According to the initial projections for the possible outcome of the elections for European Parliament, of Croatia's twelve mandates, half will go to the HDZ.
According to the poll, the party of Prime Minister Andrej Plenković will win half of Croatia’s seat in European Parliament, meaning six seats. The largest opposition party, the SDP, will take only three. The remaining three seats will go the Živi Zid activist party and the Most Independent Slate.
These figures are based on the first round of projections on the composition of the new parliament based on public opinion polls conducted in member states earlier this month. Croatian Foreign and European Affairs Minister and senior HDZ official, Marija Pejčinović Burić, is confident in a strong showing from her party.
"We are confident that the HDZ will win these elections with a convincing majority, just as we did at the previous elections, and that we will be by far the best political party, that will show itself as a true democratic and patriotic party that knows how to protect Croatia's interests and simultaneously integrate European values into our systems," Pejčinović Burić said.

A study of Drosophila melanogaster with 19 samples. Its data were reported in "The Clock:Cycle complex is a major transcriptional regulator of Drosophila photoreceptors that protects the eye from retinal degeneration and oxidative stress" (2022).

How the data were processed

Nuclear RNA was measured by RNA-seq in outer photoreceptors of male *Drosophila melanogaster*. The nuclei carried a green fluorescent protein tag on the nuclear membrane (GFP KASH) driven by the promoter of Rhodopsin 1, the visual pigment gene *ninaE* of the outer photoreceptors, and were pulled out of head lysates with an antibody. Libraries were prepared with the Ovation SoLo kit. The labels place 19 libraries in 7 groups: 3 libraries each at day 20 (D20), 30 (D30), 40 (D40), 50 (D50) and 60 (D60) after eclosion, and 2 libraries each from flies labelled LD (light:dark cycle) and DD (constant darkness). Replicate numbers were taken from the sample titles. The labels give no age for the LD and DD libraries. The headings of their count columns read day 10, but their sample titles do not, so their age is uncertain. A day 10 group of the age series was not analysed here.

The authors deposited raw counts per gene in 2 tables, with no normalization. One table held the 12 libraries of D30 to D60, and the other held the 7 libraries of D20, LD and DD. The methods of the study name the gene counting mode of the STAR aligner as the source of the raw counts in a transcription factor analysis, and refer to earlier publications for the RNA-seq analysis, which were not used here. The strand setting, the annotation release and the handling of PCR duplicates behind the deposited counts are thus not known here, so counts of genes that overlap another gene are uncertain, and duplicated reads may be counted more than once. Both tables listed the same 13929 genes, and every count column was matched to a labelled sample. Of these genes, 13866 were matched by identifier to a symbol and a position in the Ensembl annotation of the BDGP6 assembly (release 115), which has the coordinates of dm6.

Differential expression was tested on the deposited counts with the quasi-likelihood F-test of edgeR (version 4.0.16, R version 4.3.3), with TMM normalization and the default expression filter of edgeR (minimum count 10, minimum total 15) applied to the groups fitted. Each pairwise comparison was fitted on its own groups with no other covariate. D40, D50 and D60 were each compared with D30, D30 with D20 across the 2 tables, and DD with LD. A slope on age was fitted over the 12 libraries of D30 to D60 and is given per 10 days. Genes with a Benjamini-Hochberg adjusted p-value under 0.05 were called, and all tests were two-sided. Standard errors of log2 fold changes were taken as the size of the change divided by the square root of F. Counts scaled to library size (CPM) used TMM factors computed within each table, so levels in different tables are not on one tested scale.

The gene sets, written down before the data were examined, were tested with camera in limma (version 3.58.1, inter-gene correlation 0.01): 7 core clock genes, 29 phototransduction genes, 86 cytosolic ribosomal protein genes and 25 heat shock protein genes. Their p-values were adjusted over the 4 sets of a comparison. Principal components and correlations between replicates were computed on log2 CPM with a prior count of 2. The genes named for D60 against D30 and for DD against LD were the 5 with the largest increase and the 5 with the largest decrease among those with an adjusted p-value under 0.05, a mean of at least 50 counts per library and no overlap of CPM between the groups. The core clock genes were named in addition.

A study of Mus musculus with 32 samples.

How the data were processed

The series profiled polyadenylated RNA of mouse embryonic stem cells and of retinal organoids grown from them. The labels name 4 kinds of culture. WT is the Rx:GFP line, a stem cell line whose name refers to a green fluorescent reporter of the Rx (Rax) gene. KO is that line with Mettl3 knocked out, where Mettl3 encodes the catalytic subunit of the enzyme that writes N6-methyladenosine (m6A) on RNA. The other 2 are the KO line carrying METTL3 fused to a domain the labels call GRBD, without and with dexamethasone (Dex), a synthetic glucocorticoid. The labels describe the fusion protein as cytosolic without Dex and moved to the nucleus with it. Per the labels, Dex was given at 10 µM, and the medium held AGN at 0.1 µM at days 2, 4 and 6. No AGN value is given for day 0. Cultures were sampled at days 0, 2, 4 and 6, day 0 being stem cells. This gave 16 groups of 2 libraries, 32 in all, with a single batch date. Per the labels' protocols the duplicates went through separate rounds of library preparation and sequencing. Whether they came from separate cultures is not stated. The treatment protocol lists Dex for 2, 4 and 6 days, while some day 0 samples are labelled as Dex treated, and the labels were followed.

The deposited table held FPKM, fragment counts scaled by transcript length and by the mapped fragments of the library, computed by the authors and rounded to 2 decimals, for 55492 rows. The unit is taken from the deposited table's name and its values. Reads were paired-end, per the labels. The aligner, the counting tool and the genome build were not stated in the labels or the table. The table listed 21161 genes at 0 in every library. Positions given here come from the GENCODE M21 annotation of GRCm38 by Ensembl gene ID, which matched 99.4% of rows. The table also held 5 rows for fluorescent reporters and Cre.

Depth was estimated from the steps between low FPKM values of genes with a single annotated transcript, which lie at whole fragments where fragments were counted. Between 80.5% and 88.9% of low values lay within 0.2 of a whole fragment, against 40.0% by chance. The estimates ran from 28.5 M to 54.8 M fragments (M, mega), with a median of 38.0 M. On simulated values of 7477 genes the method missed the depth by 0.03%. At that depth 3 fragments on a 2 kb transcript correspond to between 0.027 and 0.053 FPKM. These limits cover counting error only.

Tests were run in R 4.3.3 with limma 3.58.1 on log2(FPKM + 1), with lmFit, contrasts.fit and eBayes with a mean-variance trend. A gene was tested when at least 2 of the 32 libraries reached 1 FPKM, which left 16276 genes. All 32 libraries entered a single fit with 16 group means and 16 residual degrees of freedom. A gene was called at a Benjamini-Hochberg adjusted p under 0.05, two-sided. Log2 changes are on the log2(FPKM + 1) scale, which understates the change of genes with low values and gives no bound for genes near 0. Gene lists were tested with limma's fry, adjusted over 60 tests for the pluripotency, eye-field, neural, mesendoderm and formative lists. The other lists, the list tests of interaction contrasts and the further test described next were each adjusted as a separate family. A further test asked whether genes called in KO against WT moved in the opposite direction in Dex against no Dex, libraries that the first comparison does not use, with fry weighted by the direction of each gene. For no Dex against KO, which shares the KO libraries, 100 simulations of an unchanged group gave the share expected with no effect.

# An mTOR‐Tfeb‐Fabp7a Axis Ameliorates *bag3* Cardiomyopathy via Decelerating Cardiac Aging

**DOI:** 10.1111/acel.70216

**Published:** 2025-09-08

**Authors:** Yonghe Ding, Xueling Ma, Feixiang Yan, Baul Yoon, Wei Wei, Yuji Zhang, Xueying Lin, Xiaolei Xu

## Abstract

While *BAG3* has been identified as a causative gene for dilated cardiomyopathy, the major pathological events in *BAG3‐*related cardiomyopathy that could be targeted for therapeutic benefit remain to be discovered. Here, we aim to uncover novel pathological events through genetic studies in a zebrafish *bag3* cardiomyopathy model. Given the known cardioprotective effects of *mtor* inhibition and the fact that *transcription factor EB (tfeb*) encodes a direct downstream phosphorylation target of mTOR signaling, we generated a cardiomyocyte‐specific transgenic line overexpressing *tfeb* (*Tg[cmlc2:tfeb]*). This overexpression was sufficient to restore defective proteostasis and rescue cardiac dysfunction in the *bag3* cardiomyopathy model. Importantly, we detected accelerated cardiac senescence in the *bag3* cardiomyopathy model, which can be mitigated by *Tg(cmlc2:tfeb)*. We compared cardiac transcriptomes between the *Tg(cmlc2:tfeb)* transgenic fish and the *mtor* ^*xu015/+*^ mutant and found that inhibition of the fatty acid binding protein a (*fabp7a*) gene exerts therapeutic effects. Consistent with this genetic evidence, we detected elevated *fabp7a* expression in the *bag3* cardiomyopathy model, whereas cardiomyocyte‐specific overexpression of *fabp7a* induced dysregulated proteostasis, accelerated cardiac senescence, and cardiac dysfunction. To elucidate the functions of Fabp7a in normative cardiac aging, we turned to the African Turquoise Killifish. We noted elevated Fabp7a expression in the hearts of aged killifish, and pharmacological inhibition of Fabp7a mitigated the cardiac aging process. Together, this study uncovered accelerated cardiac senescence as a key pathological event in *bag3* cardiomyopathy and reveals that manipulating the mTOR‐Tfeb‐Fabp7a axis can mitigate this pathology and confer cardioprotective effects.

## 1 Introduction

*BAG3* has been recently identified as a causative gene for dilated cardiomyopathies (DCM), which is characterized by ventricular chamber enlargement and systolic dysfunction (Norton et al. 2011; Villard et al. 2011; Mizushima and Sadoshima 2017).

Incumbent SDP Member of European Parliament Biljana Borzan feels the poll inly gives a rough idea of what is to be expected. "This survey, like any other, gives a rough picture of what to expect. However, what is missing in this survey, is that it did not take into account the Amsterdam Coalition, but rather viewed the coalition through its individual members, none of which would surpass the election threshold on their own. But together as a coalition, a different result is likely."
For its part MOST is projected to only take one seat, although the party's political secretary Nikola Grmoja is confident his party will garner two.
"We are aware of the support we have among the citizens, and we are going for two seats. What is important here, is that after these elections, Croatia will definitely get representatives who are there to represent the interests of the Croatian citizens and representatives with a backbone," Grmoja said.
Precisely what effect any of Croatia's 12 members of European Parliament can have is highly questionable, given that MEPs can neither propose legislation nor propose the rescinding of existing legislation. They also do not have a binding vote in the appointment of the European Commission and its members.